ANNOUNCEMENT: Legal defense fund

Emma Best has engaged lawyer Stanley Cohen to fight a case in Germany and the USA

TL;DR: See the GoFundMe page launching a legal defense fund for DDoSecrets.

On June 19th, a group of privacy and transparency activists, Distributed Denial of Secrets, published a 269GB set of police data in the public interest that became known as BlueLeaks . BlueLeaks was the largest and most important release of police data to date, uncovering such important things as the junk science police use in lie detection, the DHS's confused pursuit of proKurdish Americanshow tech giants proactively share user data with police and more

Despite publishing the information under the First Amendment protections accorded to a free press and individual free speech, the backlash was swift and unprecedented . First, Twitter permanently banned the DDoSecrets Twitter account and began falsely marking all links to the DDoS website as “malicious” and possibly containing viruses . People were banned from Twitter for simply posting screenshots to pages from documents contained in BlueLeaks . Many of these documents contained information that was vital to national conversations happening at the time, including documents that highlighted police brutality during the height of Black Lives Matter protests.

Slowly, through media reports, we also began to learn that there were federal investigations into BlueLeaks and DDoSecrets. 

Then, on July 3, 2020, upon request from the US government, DDoSecrets physical servers, which were located in Germany, were seized by German authorities under what is known as a Mutual Legal Assistance Treaty, ostensibly as a preventive measure to stop DDoSecrets from “destroying evidence ” that may have been located on the server. DDoSecrets was not notified of this seizure until four days later, on July 7. The Germans noted that they would not immediately give the information located on the servers to the Americans, but that the Americans would need to work their way through the German courts to obtain them.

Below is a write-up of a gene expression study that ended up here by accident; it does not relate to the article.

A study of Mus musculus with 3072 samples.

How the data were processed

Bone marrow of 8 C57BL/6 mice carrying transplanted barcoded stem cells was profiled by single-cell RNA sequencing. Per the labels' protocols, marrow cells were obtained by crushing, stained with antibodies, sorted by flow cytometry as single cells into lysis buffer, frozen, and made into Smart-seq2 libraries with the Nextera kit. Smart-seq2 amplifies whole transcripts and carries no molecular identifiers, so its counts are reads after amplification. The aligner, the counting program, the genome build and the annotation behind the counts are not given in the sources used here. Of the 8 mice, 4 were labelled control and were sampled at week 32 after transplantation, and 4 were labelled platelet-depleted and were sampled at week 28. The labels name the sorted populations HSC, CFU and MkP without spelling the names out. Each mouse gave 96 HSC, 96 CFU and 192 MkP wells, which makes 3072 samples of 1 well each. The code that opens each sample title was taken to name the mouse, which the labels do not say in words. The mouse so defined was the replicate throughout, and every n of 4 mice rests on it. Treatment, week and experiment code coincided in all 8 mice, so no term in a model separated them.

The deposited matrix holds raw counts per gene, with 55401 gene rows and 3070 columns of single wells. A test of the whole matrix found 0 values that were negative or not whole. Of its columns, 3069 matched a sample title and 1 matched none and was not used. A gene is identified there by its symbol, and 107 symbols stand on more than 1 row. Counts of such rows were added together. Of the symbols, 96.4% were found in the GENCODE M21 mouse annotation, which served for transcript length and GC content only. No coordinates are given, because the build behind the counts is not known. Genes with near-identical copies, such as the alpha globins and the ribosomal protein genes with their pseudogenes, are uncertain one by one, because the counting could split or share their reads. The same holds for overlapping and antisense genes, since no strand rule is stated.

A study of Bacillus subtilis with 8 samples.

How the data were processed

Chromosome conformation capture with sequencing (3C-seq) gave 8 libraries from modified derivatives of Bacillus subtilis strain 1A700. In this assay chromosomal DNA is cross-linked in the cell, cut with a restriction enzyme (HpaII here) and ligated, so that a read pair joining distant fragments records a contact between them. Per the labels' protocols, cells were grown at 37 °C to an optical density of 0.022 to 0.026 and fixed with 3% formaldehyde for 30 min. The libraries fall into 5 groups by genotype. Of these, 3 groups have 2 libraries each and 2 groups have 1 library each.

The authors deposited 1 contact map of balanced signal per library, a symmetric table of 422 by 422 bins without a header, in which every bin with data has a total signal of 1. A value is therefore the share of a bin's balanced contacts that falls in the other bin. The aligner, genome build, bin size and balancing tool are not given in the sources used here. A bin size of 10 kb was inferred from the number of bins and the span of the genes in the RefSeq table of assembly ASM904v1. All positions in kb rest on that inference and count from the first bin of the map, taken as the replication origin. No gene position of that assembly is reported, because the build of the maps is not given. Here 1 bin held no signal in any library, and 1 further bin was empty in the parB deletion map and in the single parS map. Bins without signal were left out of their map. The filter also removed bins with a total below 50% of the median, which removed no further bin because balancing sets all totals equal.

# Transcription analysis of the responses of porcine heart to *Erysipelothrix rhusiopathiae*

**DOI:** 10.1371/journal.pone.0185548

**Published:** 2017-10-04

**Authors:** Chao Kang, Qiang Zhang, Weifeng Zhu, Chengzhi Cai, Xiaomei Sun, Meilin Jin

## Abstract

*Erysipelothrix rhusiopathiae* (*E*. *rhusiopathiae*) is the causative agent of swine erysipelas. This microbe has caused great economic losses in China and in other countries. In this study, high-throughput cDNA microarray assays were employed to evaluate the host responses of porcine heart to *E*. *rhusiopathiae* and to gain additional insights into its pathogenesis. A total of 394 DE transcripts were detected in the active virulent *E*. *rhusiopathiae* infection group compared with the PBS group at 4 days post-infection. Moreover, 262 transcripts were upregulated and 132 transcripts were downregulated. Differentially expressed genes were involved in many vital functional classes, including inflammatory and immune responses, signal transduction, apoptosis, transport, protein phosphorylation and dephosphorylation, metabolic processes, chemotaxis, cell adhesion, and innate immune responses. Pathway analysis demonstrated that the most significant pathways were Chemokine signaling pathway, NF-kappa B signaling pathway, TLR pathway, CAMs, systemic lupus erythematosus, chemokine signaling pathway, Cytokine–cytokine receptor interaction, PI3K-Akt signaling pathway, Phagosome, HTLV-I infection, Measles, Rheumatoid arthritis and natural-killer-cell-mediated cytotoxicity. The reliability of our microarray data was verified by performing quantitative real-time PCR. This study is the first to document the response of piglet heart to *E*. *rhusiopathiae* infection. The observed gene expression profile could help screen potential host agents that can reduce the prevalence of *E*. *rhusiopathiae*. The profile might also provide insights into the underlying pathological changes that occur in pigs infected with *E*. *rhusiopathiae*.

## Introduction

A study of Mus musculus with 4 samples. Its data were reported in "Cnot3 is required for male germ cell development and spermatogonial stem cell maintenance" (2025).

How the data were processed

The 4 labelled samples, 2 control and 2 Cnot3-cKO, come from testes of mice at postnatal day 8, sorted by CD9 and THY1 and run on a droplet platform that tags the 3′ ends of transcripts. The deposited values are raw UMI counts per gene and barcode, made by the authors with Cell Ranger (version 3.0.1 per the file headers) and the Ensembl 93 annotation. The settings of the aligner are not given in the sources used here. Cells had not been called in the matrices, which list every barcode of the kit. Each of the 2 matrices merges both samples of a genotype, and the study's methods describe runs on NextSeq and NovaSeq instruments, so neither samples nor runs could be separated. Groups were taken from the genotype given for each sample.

Since then, the situation has become even more dire.

About two weeks after the server seizure, federal agents visited an activist who had discussed hosting a mirror of BlueLeaks and tried to persuade them to become an informant, offering them money for information  that would lead to the arrest of Emma Best.

We now have confirmed involvement of government agencies who are calling Distributed Denial of Secrets and those involved everything from “criminal hackers” to accusing them of having “previously conducted hack and leak activity against the Russian government”. All of these libelous accusations have been presented with no evidence whatsoever to back them up. In an age where freedom of the press is so under attack, this has chilling repercussions.

In August of 2020, Emma Best, along with lawyer Stanley Cohen and others launched an appeal to challenge the German prosecutors over the seized servers. If, through the demands made of German prosecutors, we learn that the US now has the server or has accessed its contents, we will shift to a US-based strategy.

All of the data on the seized servers was forward-facing. That is, it was all either public, or being indexed so it could eventually be made public. The server had no contact with the BlueLeaks source, and no entity at DDoSecrets had or has any intention of destroying any of the important work they have put into BlueLeaks, or any other DDoSecrets project. The members of DDoS are privacy and transparency activists—destroying data is the very antithesis of their work.

If, through our efforts in the German federal courts, we find that the data has already been handed over to the American government, we are then planning our next legal moves (which, for now, must remain private and confidential).

This is where you come in. 

Legal fees—to handle complex cases across two continents and in at least two country’s federal court systems—can be costly. Right now, there is a dire need for defense funds, so Distributed Denial of Secrets, Emma Best and their family, and anyone else caught in the crossfire can defend themselves against these unfair and unjust attacks.

This is a First Amendment issue, and we plan to use every avenue available to fight this, and to defend ourselves against whatever else the federal government may try.

For more information, and future updates, consult the official GoFundMe page for the legal defense fund of DDoSecrets.

For other ways to contribute to our publishing work: we also now accept subscribers via Open Collective, or funds sent via PayPal.